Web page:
In addition, not all of them are of the same lengths. So maybe although Trajectory A is not the same as Trajectory B, yet it is part of Trajectory B. I wish to present this property after the clustering as well.

I have only a bit knowledge of K-means Clustering and Fuzzy N-means Clustering. How may I choose between them two? Or should I adopt other methods?

Any method that takes the "belongness" into consideration? (e.g. After the clustering, I have 3 clusters A, B and C. One particular trajectory X belongs to cluster A. And a shorter trajectory Y, although is not clustered in A, is identified as part of trajectory B.)

=================== UPDATE ======================

The aforementioned trajectories are the pedestrians' trajectories. They can be either presented as a series of (x, y) points or a series of step vectors (length, direction). The presentation form is under my control.

    
@rano thanks for the advice. Please see the updated question.:) –  Sibbs Gambling Sep 16 '13 at 6:15
    
I guess your problem now falls into the Sequential Pattern Matching/Mining more than into the simple clustering one –  rano Sep 16 '13 at 7:01
    
@rano can kindly direct me to the right direction further? –  Sibbs Gambling Sep 16 '13 at 7:06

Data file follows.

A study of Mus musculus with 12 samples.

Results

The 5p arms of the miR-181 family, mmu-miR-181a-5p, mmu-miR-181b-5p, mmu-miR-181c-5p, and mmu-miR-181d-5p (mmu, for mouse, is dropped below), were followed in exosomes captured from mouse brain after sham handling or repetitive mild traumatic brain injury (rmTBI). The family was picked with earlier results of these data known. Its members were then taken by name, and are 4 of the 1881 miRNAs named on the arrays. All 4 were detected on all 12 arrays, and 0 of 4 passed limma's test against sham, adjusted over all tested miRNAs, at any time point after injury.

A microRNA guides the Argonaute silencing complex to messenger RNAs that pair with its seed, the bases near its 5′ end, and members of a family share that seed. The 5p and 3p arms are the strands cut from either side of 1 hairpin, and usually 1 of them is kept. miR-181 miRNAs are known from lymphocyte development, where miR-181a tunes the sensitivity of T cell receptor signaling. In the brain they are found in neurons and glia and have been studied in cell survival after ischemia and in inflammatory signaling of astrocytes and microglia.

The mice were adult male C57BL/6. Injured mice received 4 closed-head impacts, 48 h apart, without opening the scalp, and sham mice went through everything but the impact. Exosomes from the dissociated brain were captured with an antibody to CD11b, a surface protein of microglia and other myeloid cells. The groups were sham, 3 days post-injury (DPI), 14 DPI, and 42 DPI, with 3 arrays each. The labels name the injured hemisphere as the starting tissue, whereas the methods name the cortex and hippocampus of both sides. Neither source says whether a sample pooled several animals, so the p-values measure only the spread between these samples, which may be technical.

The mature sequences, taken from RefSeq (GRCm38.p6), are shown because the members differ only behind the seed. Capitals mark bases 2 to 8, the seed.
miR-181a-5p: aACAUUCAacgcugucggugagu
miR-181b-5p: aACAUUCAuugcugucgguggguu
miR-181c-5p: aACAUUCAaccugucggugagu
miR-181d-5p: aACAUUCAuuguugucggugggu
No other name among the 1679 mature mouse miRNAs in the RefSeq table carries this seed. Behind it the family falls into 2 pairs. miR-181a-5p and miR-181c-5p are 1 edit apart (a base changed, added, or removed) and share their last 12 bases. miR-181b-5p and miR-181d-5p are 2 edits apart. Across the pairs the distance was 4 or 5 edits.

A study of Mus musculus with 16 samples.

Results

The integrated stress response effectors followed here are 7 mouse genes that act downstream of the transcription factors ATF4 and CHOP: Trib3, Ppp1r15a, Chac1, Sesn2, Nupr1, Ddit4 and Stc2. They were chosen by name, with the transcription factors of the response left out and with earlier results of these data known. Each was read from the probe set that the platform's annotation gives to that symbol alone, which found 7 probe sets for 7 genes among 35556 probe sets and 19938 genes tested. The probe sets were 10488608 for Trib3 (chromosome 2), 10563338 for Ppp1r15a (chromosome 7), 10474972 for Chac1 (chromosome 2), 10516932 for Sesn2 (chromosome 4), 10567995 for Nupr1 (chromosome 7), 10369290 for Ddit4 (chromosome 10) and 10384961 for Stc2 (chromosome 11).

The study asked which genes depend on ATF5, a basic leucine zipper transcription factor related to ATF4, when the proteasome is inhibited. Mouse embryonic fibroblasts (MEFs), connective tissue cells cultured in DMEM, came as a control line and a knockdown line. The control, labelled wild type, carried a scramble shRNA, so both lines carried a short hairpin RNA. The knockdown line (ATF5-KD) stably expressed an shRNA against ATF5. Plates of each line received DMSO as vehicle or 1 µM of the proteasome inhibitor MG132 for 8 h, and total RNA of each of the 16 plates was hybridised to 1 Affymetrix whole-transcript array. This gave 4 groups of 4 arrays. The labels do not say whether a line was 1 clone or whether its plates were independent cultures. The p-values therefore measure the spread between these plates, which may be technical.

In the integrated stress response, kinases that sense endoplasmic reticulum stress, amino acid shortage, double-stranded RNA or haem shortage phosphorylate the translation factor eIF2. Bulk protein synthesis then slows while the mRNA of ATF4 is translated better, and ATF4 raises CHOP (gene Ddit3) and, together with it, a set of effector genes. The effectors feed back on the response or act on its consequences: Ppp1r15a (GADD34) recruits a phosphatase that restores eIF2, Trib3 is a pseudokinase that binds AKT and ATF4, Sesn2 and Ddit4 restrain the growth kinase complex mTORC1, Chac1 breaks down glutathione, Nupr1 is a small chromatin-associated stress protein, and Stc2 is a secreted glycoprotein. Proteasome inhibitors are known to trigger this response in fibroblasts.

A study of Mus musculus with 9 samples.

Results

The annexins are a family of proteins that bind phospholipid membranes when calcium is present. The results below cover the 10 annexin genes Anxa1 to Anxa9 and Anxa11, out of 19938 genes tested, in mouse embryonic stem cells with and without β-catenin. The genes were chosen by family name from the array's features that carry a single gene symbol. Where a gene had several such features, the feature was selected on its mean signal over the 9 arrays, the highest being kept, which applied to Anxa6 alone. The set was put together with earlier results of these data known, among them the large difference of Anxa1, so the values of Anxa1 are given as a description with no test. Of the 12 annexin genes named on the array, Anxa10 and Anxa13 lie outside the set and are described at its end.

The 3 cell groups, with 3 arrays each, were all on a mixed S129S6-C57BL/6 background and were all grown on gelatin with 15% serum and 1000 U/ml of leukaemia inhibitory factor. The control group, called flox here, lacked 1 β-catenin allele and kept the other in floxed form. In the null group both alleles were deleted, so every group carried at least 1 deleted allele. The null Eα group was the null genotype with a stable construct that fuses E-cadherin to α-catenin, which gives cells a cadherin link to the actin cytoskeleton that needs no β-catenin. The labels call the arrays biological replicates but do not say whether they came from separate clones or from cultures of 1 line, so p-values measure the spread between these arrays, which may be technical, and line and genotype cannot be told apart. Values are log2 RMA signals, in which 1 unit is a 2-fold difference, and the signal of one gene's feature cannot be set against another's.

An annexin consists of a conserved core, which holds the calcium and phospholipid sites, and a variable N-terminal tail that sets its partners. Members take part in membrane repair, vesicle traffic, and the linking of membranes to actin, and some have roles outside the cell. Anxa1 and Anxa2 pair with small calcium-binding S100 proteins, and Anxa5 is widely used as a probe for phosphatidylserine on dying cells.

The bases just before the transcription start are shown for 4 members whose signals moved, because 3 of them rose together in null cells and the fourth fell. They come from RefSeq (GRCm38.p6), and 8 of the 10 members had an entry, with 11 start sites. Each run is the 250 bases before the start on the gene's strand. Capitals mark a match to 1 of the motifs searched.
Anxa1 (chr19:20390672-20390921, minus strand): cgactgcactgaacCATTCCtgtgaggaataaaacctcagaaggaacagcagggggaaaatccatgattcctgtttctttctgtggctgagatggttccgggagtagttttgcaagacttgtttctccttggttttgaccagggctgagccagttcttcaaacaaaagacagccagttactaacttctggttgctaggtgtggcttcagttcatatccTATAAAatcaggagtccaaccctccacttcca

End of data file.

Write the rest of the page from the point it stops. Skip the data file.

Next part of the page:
2 Answers 2

Every clustering algorithm needs a metric. You need to define distance between your samples. In your case simple Euclidean distance is not a good idea, especially if the trajectories can have different lengths.

If you define a metric, than you can use any clustering algorithm that allows for custom metric. Probably you do not know the correct number of clusters beforehand, then hierarchical clustering is a good option. K-means doesn't allow for custom metric, but there are modifications of K-means that do (like K-medoids)

The hard part is defining distance between two trajectories (time series). Common approach is DTW (Dynamic Time Warping). To improve performance you can approximate your trajectory by smaller amount of points (many algorithms for that).

    
My bad, thanks for the comment –  kudkudak Sep 16 '13 at 9:26
    
now the answer is inconsistent, simply remove the part saying that "If you define a metric, than every clustering algorithm is viable" instead of just adding clarification on the end. It will be much more valuable for the reader. –  lejlot Sep 16 '13 at 9:30

Neither will work. Because what is a proper mean here?

Have a look at distance based clustering methods, such as hierarchical clustering (for small data sets, but you probably don't have thousands of trajectories) and DBSCAN.

Then you only need to choose an appropriate distance function that allows e.g. differences in time and spatial resolution of trajectories.

Distance functions such as dynamic time warping (DTW) distance can accomodate this.